Here is another
tip of the hat tip of the soldering iron to one of the Planet Analog archived posts. This post gives an explanation of how op-amps work in general and how an integrator works in particular. Unlike some of my recent blogs that point at archived posts, this time we'll dive in deeper.
Understanding this circuitry is essential if you are doing any sort of design with op-amps. How much of this is taught to engineers today?
Let's assume that you set up an op-amp circuit like this:
This circuit will have a gain that's determined by the ratio of the feedback resistor (RF ) to the input resistor (RI ). It also inverts the signal, so a positive voltage swing at the input produces a negative voltage swing at the output. Note that to simplify this discussion, we assume that there are positive and negative voltage power supplies for the op-amp. Hence, VOUT can swing above and below ground. Let's make both resistors 1.0kΩ. There are a few different ways to examine what the circuit will do. From a macroscopic view, VOUT = – VIN * (RF / RI ). But why?
The op-amp is a tiny servo system that will move its output around so as to force the voltage at the negative input to be equal to the voltage at the positive input. Since the positive input is at ground (0.00V), the negative input (or summing junction, since it sums voltage sources from two different directions) should end up at 0.00V. So if you put +1.00V at VIN , VOUT will go to -1.00V. Half way between those two equal-value resistors (voltage divider rule) is at 0.00V.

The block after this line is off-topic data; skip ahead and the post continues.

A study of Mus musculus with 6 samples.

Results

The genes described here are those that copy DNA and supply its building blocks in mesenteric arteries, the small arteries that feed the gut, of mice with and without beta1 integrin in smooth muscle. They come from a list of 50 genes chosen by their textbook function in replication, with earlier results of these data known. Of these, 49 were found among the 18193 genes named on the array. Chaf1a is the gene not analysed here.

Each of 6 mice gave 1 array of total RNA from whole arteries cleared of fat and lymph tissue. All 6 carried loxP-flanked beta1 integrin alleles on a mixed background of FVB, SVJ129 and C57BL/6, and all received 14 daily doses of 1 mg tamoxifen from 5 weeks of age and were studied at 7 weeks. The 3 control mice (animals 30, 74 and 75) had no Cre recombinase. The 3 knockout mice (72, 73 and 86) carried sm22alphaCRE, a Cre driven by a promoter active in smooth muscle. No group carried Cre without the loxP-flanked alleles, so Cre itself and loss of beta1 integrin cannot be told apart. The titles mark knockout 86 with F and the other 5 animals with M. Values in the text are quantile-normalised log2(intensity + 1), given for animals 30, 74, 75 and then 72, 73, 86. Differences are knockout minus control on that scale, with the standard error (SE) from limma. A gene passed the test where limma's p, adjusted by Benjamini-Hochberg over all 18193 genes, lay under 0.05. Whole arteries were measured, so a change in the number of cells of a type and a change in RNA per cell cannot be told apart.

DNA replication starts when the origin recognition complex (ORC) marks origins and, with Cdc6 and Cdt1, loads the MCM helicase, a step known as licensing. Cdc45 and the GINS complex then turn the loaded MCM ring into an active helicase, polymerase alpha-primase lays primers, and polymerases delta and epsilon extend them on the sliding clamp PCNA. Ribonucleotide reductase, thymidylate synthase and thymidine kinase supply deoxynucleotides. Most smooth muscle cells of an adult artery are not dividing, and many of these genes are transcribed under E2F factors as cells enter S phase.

You can also work through this by analyzing current flow. Recall Kirchhoff's circuit rules for current (conservation of charge), sometimes called Kirchhoff's first law: All the current flowing into a node (from one or more paths) has to flow out of the node (again, it can be through one or more paths). By assigning the appropriate sign to the flow (“into” is positive; “out of” is negative) it has to sum to zero. No current flows into/out of the input pin.
OK, not true — there is a tiny current flow, but it is usually so small that it can be ignored in most applications. In very high impedance circuits, circuits amplifying extremely small signals, or some track-and-hold/integrating circuits, that tiny current can be trouble. For now, we'll ignore it.
So, no current into or out of the input pin means that any current that flows into RI (due to the voltage source VIN ) must flow through RF and into the output of the op-amp. We can reverse the current flow (change its sign) and have it flow the other way, but that's just a sign on a number, so the analysis is the same.
When you change the feedback resistor to a capacitor, the circuit becomes an integrator.
To analyze this, Kirchhoff's current rule proves the most helpful because you charge (and discharge, but that's the same thing except for a change in sign) a capacitor. The equations work out a little more neatly via a current analysis. With this in mind, if you now refer back to the archived integrator article that I cited at the beginning of this blog, clarity should ensue. To the extent that it does not, please post your comments below.